By Bowdeya Tweh and Keith Benman
The Times (Munster, Indiana), Distributed by McClatchy-Tribune Business News, July 24, 2009
Indiana's minimum wage is set to increase 70 cents per hour today, as the federal standard for what employers can pay their workers also increases.
The minimum wage, which rises to $7.25 from $6.55 per hour in Indiana, is part of the third installment of three scheduled annual increases agreed on in 2007. The first increase on July 24, 2007, hiked the federal minimum wage 70 cents to $5.85 per hour, according to the U.S. Labor Department.
Indiana and 10 other states peg their minimum wage to the federal standard. The standards affect firms with more than two employees with certain exceptions.
Illinois' $8 minimum wage will increase to $8.25 on July 1, 2010, which affects employers with four or more workers, excluding family members.
A worker earning $7.25 per hour at a 40-hour-per-week job for 50 weeks would earn $14,500 before taxes. In Illinois, a worker earning $8 per hour in similar circumstances would earn $16,000 before taxes.
Indiana Department of Workforce Development spokesman Marc Lotter said of the 1.8 million Hoosiers working hourly, Indiana had 64,000 workers earning at or below the federal minimum wage.
The increase amounts to an extra $28 grossed per paycheck in a 40-hour work week. Connie Lile, 59, works as a switchboard operator at the WorkOne center in La Porte, and she is glad for the minimum-wage increase even as a part-time worker.
Lile, who said she moved back to the region after being diagnosed with chronic lymphocytic leukemia, said jobs are hard to come by in this economy. She gladly took her current job three months ago knowing some money was better than nothing. Lile got her job through Experience Works, a program that operates in 34 states and Puerto Rico and helps people ages 55 and older get training and return to the work force.
"I can't see it causing that much of a problem," Lile said. "It's not that much. These guys need to come out of these high towers and try to live on minimum wage and see what they think about it."
John Barney, owner of several Wendy's restaurants in the region, called the increases over the years "significant."
Hardly any employees at his Wendy's restaurants were affected by the first minimum wage increase two years ago, because most were making more than the minimum wage, Barney said. But as the wage floor has been lifted, that is no longer the case at his restaurants. He expects Friday's increase to affect his company's bottom line.
His Wendy's restaurants will have to consider increasing prices, which can lead to a decrease in business, which can lead to fewer hours worked for employees, he said.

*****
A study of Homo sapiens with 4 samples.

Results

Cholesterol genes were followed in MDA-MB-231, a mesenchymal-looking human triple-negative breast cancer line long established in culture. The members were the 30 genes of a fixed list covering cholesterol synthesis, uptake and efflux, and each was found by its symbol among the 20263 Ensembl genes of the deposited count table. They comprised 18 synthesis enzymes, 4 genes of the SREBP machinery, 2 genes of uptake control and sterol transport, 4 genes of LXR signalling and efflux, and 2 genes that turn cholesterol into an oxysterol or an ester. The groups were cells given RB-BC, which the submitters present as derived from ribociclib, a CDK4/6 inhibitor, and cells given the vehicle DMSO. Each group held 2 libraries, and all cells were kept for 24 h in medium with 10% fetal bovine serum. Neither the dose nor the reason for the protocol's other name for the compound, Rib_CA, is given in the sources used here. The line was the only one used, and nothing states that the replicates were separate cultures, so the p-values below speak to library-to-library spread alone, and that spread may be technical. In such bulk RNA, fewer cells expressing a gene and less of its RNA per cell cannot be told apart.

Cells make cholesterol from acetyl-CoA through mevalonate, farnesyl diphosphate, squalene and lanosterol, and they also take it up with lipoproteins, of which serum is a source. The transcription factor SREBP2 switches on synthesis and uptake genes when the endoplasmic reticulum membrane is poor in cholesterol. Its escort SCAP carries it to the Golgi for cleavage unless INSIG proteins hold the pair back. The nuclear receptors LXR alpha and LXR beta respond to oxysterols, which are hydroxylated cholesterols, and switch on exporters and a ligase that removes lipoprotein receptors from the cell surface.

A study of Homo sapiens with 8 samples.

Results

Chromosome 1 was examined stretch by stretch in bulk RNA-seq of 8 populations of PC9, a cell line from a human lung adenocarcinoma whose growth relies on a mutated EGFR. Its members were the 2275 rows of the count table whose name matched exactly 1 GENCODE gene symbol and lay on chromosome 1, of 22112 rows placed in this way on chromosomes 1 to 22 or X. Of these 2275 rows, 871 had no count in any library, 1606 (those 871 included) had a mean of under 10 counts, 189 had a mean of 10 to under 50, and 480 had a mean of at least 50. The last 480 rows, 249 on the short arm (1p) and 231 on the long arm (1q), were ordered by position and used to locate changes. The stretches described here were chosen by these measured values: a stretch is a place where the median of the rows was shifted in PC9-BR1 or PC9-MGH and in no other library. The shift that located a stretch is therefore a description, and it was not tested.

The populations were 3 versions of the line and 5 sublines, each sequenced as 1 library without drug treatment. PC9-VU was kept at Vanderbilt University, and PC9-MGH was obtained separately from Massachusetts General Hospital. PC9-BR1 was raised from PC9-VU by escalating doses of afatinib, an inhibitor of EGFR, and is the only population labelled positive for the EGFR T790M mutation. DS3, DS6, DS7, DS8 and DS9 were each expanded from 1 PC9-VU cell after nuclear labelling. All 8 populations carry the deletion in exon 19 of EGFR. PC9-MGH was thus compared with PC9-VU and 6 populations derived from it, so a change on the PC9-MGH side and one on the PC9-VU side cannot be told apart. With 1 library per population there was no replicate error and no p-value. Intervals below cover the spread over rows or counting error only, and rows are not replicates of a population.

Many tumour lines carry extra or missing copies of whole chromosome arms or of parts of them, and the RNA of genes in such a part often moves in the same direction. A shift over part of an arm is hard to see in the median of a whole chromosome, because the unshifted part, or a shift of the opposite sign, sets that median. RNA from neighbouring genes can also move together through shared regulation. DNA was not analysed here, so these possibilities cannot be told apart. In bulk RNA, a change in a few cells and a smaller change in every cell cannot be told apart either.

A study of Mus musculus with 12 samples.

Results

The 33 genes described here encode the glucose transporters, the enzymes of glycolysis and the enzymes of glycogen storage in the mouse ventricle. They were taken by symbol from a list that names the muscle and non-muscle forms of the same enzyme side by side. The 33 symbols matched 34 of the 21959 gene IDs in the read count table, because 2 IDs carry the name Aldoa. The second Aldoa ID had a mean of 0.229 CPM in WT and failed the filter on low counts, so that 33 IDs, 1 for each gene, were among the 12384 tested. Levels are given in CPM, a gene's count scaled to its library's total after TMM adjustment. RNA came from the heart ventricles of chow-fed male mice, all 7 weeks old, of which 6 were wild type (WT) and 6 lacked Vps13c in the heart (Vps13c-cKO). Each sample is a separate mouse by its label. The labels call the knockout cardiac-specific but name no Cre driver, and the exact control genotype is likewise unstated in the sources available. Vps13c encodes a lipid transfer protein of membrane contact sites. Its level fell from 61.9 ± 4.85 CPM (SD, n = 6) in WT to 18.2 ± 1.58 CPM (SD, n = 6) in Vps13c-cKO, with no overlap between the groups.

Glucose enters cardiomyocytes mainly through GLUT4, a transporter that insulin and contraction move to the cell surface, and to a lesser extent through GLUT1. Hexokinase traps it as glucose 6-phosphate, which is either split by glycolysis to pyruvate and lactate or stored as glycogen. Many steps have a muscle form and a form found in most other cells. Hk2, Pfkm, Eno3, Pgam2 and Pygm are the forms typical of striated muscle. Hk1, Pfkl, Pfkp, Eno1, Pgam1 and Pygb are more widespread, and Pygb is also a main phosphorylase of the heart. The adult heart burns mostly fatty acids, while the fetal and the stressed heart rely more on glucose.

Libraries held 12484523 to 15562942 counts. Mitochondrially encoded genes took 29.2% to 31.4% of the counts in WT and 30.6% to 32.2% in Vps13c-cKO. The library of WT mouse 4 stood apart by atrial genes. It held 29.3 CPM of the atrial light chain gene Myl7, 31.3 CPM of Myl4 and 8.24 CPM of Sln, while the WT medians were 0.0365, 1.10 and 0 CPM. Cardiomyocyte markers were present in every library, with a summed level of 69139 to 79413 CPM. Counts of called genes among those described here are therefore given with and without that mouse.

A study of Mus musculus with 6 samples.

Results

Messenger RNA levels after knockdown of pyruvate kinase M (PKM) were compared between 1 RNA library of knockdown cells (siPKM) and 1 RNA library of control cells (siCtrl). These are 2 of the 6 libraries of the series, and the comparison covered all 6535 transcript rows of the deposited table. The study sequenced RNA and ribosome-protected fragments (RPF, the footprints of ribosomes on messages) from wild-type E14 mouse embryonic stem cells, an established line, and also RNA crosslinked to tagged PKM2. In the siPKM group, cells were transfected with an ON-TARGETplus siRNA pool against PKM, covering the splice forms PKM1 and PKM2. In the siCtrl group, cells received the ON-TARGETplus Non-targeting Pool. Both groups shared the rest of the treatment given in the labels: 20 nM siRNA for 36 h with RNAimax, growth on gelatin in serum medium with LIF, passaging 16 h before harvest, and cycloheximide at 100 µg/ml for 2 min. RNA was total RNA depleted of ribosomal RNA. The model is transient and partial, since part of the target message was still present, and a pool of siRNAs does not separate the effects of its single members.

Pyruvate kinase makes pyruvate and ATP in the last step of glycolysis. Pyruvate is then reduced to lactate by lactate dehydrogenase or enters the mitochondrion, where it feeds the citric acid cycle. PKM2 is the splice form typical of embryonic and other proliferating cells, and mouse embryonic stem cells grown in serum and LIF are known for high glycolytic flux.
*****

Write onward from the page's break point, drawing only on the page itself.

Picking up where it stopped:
Barney said he has always been in favor of supply and demand determining the price of labor without the federal government getting involved.
"A wage of $7.25 in a place like New York City is not much," he said. "But in certain parts of the Midwest, that's above the market."
The National Federation of Independent Business said it was against increasing the federal minimum wage because mandatory increases hurt small businesses and their employees.
"Big corporations do not have to absorb the cost because most minimum-wage jobs are offered by small businesses," a statement on its Web site said. "It has not been proven to reduce poverty or narrow the income gap and puts a stranglehold on America's top job creators: small businesses."
Gary Community School Corp. spokeswoman Sarita Stevens said the higher minimum wage would affect the school system's budget, but it benefits the people working, because they would bring more money home.
Stevens said most of the minimum-wage positions are part time and include lunchroom matrons, bus attendants and parent assistants.
Boston-based Business for Shared Prosperity issued a news release welcoming the minimum-wage increase and said it had support for the increase from business owners and executives from around the country.
The release said the minimum wage was stagnant between 1997 and 2007, which was the longest period in history without a raise. The group also said even with the raise to $7.25, workers will still make less than the $7.86 they made in 1956 -- adjusting for inflation.
About the minimum wage According to a Consumer Price Index inflation calculator, the federal minimum wage of $4.75 in 1996 has the buying power of $6.53 in 2009.
Copyright (c) 2009, The Times, Munster, Ind.